When they hit the road, bicyclists face a number of hazards. They are relatively unprotected compared to drivers in motor vehicles. Drivers opening doors may put them at risk of dooring. Potholes, loose gravel and other roadway hazards can impact a bicycle’s steering more significantly than they do a car or truck.

Cycling during Minnesota winter involves additional challenges: slippery roadways, shorter days, blowing snow and other hazards. With so many potential dangers, it can be important for bicyclists to take steps to keep themselves safe. What can you do to protect yourself while bicycling in the winter?

1. Make yourself more visible to others on the road.

Early sunsets are one sign that winter is on its way, and that means that drivers and cyclists alike may find themselves on the road with limited visibility. Because of this, cyclists may want to take steps to make themselves more visible to others on the road. As REI notes, this can involve wearing reflective clothing and using brighter or additional lights on your bicycle itself.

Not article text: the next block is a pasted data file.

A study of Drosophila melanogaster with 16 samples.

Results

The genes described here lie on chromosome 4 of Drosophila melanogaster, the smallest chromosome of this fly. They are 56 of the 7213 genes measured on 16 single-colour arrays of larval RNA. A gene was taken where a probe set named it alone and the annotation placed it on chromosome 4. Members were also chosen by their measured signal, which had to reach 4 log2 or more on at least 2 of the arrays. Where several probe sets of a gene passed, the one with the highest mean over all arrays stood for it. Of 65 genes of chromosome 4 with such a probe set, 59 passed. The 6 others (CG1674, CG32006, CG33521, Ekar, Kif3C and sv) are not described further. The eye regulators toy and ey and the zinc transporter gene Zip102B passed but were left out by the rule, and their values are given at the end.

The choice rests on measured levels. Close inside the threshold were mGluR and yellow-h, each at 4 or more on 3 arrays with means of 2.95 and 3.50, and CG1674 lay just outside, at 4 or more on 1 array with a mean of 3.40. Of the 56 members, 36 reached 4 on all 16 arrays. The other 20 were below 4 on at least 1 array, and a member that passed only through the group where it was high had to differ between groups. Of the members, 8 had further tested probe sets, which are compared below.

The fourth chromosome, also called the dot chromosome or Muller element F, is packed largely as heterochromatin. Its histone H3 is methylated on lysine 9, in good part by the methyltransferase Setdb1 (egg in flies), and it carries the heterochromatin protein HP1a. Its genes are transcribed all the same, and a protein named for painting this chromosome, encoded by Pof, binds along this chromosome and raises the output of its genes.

2. Keep an eye out for potential hazards.

While cyclists should always be aware of potential hazards, they should be especially careful in winter because inclement weather or slippery roads may require them to stop or adjust their course sooner. Cyclists should look for the shine of icy patches as well as other familiar hazards like gravel, damaged roadways or opening doors.

Cyclists should also be aware of the potential for hidden hazards. A fresh layer of snow may hide a multitude of different dangers, from slippery ice and slush to sharp objects that may puncture a tire. Avoiding snow banks and unplowed sections of road may also mean avoiding those hidden dangers.

3. Consider your tires.

Just as you might choose different tires for riding on a trail compared to riding on a city street, you should consider which tires will be the best fit for winter biking. Cycling Weekly recommends using heavy duty tires on winter roadways to avoid punctures, while others note that fatter or even slightly deflated tires could give you better traction on slippery roadways.

While taking these precautions may help you protect yourself while bicycling in winter, you also rely on the motorists you share the road with to keep you safe. If a negligent motorist’s actions cause you or your loved one harm while you bicycle in winter, you may want to explore your legal options.